No matter how hard you try, a workplace injury could sneak up on you at some point. If this happens, you should immediately turn your attention to your health. This typically means receiving medical care to better understand your injury, treatment schedule and long-term prognosis.
As you consult with your medical team, you’ll garner a better understanding of what the future will bring. For example, you may realize that your injuries will keep you away from work for the time being, thus making it difficult to earn enough money to support yourself (and maybe even a family).
If you find yourself in this position, filing a workers’ compensation claim is something you should consider. While the process of doing so is simple enough, there’s no guarantee of an approval. In fact, you shouldn’t expect to receive benefits until the first payment arrives.
Will you receive a denial letter?
You hope this doesn’t happen, but don’t be surprised if you receive a workers’ compensation denial letter. Some of the more common reasons for this include:
- Injury was not reported to your employer in time
- You did not receive medical treatment for your injury
- You did not file a workers’ compensation claim in time
- Your employer disputes the claim that you were injured at work
- You are suffering from a non-compensable injury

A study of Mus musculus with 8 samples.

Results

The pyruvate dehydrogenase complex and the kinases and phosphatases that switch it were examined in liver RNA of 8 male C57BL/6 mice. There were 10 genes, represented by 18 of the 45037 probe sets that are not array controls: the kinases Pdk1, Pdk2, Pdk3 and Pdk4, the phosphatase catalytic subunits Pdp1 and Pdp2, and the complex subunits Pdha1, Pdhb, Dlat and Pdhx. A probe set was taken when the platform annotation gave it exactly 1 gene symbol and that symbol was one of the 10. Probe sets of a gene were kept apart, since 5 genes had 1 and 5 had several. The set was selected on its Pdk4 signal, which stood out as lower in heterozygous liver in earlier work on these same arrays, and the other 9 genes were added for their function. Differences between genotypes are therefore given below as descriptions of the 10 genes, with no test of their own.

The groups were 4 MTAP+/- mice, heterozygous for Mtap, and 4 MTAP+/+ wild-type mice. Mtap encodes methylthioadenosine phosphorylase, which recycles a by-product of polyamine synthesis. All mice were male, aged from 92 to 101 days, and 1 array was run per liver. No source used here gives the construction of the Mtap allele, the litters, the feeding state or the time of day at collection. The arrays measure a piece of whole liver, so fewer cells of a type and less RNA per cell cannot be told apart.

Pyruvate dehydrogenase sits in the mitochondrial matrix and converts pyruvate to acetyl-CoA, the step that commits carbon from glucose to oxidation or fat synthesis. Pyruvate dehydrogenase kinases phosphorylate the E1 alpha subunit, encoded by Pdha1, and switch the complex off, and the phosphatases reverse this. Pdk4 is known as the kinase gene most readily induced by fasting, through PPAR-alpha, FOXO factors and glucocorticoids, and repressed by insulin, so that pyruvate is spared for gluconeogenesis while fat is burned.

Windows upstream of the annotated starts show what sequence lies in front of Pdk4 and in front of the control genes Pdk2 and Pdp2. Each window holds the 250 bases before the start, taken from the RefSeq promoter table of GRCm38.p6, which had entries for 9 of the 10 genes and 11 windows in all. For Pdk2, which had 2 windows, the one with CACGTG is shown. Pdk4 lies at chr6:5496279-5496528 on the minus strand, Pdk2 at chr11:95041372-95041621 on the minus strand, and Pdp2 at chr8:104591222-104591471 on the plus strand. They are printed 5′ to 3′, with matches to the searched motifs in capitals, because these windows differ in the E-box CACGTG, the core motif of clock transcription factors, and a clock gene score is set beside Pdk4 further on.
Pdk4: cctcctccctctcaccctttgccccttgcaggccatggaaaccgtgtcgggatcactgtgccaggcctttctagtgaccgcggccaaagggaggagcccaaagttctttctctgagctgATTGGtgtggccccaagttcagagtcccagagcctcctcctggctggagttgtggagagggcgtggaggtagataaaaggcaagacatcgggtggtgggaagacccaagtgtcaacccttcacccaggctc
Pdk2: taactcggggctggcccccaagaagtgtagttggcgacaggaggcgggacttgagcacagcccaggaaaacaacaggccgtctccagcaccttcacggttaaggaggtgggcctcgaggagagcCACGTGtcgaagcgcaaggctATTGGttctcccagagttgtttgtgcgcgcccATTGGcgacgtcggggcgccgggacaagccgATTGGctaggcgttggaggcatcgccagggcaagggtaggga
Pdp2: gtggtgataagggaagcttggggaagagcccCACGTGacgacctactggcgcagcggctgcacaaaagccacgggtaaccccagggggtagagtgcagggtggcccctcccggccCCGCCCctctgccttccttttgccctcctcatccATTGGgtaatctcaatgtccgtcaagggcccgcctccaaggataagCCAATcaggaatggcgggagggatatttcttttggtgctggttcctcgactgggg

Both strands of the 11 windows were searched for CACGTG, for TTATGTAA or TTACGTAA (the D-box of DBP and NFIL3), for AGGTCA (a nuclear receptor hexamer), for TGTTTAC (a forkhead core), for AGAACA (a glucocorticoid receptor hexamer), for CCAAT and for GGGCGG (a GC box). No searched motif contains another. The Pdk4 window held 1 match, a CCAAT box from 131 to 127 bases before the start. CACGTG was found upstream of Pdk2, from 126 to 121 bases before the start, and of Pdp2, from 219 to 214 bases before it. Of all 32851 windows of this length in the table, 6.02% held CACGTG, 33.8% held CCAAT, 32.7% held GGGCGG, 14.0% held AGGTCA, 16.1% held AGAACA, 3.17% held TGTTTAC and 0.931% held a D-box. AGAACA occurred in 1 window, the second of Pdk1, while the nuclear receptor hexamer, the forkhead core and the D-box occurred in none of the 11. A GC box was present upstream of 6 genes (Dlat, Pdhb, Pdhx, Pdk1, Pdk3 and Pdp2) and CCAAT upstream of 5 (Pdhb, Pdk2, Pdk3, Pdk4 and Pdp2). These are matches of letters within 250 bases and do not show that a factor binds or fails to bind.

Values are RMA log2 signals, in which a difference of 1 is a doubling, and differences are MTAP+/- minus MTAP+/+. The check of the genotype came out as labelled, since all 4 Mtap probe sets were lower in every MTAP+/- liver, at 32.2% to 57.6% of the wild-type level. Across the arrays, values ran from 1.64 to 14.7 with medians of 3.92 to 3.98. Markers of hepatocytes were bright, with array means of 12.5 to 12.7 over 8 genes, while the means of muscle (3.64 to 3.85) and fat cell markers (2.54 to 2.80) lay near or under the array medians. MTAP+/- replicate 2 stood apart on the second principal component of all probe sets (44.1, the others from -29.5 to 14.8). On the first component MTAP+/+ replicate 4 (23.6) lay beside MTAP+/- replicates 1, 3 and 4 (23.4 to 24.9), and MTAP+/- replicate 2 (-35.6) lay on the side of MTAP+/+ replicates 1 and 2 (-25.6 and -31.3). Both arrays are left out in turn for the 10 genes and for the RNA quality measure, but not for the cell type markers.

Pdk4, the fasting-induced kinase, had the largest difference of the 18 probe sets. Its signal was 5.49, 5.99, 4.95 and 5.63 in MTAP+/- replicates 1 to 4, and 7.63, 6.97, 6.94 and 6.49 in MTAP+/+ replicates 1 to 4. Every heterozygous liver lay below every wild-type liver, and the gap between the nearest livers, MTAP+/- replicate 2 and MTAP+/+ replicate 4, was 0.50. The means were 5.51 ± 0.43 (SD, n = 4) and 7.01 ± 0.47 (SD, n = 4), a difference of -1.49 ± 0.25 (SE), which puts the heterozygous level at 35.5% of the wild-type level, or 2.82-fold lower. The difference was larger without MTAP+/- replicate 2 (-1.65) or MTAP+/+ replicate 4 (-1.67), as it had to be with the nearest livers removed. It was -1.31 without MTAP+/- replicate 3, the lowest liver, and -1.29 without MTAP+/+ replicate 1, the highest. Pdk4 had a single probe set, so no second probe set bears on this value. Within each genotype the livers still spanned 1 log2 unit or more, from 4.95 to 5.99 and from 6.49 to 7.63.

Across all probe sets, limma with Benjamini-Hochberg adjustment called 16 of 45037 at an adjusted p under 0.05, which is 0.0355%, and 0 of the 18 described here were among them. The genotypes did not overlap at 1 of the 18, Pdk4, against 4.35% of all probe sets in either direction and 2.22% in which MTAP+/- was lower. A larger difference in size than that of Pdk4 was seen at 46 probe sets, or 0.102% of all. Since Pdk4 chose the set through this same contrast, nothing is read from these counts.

All of these things can get in the way of your receiving workers’ compensation benefits in a timely manner.
What comes after a denial?
There are only two options if you receive a denial letter: File an appeal or let it go and consider other ways to stay afloat financially.
You don’t want to give up until you exhaust all your options, so take the time to learn more about the appeal process. This will help you understand your legal rights and the steps you can take. In some cases, supplying more information, such as medical records, is all you need in order to have the original decision overturned.
Even though you hope to receive a workers’ compensation claim approval in a timely manner, don’t expect this to happen. If you receive bad news, read your denial letter from start to finish and decide what to do from there. This will go a long way in putting you on the path to protecting your rights.